SPINMS.CA | MS & Relapses

MS & Relapses

A relapse is the appearance of a new MS symptom or a worsening of old symptoms that last at least 24 hours without fever and active infection. Relapses are also called exacerbations, flare-ups or attacks. They are a result of an area of inflammation in the brain and/or spinal cord.

Identifying a relapse

You should suspect a relapse if you agree with all of the statements about your symptoms:


  1. There is evidence of new symptoms or worsening of existing symptoms.
  2. The symptoms have lasted continuously for more than 24 hours.
  3. The symptoms have not gone away at all since they started.
  4. There is no evidence of a fever or infection.

Relapse symptoms

Although each person with MS will experience different symptoms, the most common types of relapse symptoms include:


  1. Physical or mental fatigue—almost always associated with another symptom in this list
  2. Numbness or a tingling sensation
  3. Weakness
  4. Vision problems
  5. Increased loss of balance
  6. Changes in bladder and bowel function

What is a relapse?


A flare-up of new symptoms or worsening of old symptoms. If you think you may be experiencing a relapse, refer to the Patient Relapse Decision Guide.


When do relapses occur?


Relapses are unpredictable. They can occur suddenly or progress over days to weeks. If you are not sure, you can always call your health care provider to help you decide.


How long do relapses last?


A relapse last at least 24 hours for new symptoms (48 hours for old symptoms). It is separated from a previous relapse by ≥30 days. They can last days to months.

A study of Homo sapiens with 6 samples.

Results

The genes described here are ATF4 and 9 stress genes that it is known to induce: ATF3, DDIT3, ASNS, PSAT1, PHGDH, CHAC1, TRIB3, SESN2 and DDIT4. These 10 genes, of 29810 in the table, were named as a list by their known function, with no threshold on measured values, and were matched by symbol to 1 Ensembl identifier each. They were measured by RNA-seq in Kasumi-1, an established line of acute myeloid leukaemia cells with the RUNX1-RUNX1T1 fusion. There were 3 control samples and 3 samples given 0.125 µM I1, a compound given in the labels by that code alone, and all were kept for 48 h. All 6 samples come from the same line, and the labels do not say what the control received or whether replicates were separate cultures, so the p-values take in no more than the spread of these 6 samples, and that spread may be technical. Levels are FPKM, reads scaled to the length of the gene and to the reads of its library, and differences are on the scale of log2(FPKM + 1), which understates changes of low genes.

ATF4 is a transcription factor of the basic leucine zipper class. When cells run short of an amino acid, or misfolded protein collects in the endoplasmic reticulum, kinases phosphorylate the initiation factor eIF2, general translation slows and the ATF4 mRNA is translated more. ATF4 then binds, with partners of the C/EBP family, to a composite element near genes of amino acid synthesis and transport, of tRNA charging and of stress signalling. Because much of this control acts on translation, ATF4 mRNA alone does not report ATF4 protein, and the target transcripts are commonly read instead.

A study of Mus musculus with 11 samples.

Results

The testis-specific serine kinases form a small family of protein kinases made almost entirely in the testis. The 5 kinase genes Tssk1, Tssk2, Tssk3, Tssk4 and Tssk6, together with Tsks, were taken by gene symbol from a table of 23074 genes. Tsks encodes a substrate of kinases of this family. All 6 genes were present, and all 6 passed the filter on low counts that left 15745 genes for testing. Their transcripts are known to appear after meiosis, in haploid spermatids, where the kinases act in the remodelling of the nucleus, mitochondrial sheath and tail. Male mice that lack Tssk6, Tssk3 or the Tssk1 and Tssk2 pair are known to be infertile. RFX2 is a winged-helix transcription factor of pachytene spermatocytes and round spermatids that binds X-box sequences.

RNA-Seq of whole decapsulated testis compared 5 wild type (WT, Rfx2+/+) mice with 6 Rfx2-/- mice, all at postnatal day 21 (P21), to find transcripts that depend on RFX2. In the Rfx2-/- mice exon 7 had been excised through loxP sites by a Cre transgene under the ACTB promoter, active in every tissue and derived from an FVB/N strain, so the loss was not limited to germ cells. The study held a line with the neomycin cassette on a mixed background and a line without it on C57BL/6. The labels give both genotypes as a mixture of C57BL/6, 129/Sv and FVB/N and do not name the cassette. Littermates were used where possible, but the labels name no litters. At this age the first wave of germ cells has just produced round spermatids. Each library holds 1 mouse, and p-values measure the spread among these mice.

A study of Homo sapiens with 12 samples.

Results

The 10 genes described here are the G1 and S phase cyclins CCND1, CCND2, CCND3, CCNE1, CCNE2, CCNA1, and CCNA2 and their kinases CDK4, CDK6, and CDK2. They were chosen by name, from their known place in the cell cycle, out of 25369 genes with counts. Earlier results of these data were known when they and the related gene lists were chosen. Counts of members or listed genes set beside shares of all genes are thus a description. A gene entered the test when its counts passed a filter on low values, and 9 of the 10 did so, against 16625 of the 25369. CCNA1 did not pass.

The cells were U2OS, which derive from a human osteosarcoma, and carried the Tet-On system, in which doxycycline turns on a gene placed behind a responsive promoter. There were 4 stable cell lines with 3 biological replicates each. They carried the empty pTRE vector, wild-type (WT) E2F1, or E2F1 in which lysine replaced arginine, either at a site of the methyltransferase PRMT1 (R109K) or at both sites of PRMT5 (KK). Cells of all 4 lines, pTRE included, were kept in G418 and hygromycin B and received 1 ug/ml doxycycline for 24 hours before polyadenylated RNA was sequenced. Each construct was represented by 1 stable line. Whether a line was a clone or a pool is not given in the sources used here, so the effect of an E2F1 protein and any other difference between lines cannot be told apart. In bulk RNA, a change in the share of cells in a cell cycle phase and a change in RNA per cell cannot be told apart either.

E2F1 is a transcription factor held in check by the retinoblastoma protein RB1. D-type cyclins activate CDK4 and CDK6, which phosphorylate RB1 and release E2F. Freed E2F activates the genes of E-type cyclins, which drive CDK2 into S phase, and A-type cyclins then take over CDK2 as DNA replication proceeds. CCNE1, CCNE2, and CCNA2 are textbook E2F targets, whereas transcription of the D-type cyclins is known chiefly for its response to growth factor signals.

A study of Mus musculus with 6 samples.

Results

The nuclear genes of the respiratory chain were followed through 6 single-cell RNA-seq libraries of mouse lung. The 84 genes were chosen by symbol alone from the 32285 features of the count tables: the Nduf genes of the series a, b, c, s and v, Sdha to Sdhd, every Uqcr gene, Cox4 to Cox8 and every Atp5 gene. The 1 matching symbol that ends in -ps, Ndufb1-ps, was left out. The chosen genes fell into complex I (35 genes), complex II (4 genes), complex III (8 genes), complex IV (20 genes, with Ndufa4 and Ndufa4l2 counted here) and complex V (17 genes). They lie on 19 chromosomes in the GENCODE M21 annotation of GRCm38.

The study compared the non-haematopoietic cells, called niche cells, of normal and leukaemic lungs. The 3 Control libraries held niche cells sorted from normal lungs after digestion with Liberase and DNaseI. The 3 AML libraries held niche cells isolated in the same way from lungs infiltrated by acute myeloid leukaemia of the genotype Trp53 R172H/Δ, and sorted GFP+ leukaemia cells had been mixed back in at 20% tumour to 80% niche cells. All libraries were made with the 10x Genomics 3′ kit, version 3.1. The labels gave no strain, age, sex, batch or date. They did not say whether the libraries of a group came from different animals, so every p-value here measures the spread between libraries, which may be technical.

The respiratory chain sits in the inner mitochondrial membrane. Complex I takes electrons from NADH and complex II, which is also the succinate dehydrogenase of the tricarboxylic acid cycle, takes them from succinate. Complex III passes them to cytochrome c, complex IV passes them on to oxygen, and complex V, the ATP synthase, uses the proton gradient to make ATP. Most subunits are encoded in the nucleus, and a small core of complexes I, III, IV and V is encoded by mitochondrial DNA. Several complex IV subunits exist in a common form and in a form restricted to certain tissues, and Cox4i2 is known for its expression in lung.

How are relapses treated?


Generally, they resolve without treatment. For severe relapses, treatment with steroids may be prescribed.

Common symptoms of a relapse.

Increase in fatigue





Visual Problems

Tic Douloureux

Bladder dysfunction

Bowel Dysfunction

Vertigo / dizziness

Trouble walking

Poor coordination

Heavy legs (like wearing cement shoes)




Influenza, Hepatitis B, Varicella and tetanus vaccines do not increase the risk of having a relapse.



Pregnancy and relapses


Relapses are less common during pregnancy, especially in the 3rd trimester

Relapse rates tend to increase during the three months after delivery, but most mothers do not have relapses

Breast-feeding does not appear to affect relapse rate

When MS Attacks: How to Manage Relapses

When you Need to Treat a Relapse

Painful or disabling relapses that interfere with daily activities can be treated with steroids:

Intravenous Methylprednisolone (Solu-medrol ®) and/or oral Prednisone are most commonly prescibed

Solu-medrol ® is given at a dose of 500-1000mg for 3-5 days

An additional oral tapering dose of Prednisone is sometimes given but this is less common


Common side effects

Water retention (increase blood pressure) Headaches

High blood glucose levels Palpitations

Upset stomach Insomnia

Increased appetite Metallic taste in mouth


Less Common Side Effects:

Mood swings Increased risk of infection

Allergic reactions Irregular menses

Acne Reversible memory impairment

Hiccups Ulcers

Rare but possible steroid induced psychosis


Long-term side effects:

High blood pressure Osteoporosis

Hardening of arteries Blood sugar problems



Before using steroids, tell your doctor if you have:


Heart Problems

High blood pressure

If pregnant, consult your doctor and steroids can be prescribed after 12 weeks of pregnancy if needed

To help manage relapses take a look at the Patient Symptom Diary and the Patient Relapse Decision Guide.


PDF Document | 4 Pages | 2 MB


Talk to your neurologist or MS nurse about relapses

Questions you should think about regarding relapses:

  1. When should I call my neurologist or MS nurse?

Call your neurologist or nurse if your symptoms bother you or if they last for more than 24 hours. Your neurologist or MS nurse can determine if you are experiencing a relapse and give you medication to ease the symptoms, or if you need to come in for an assessment.

  1. How are relapses treated?

Relapses can be treated with steroids, but your neurologist may prescribe other medications.

  1. Should I continue my MS treatment?

This can be discussed and assessed by your neurologist on a case by case basis depending on the severity and the number of relapses experienced during your MS treatment.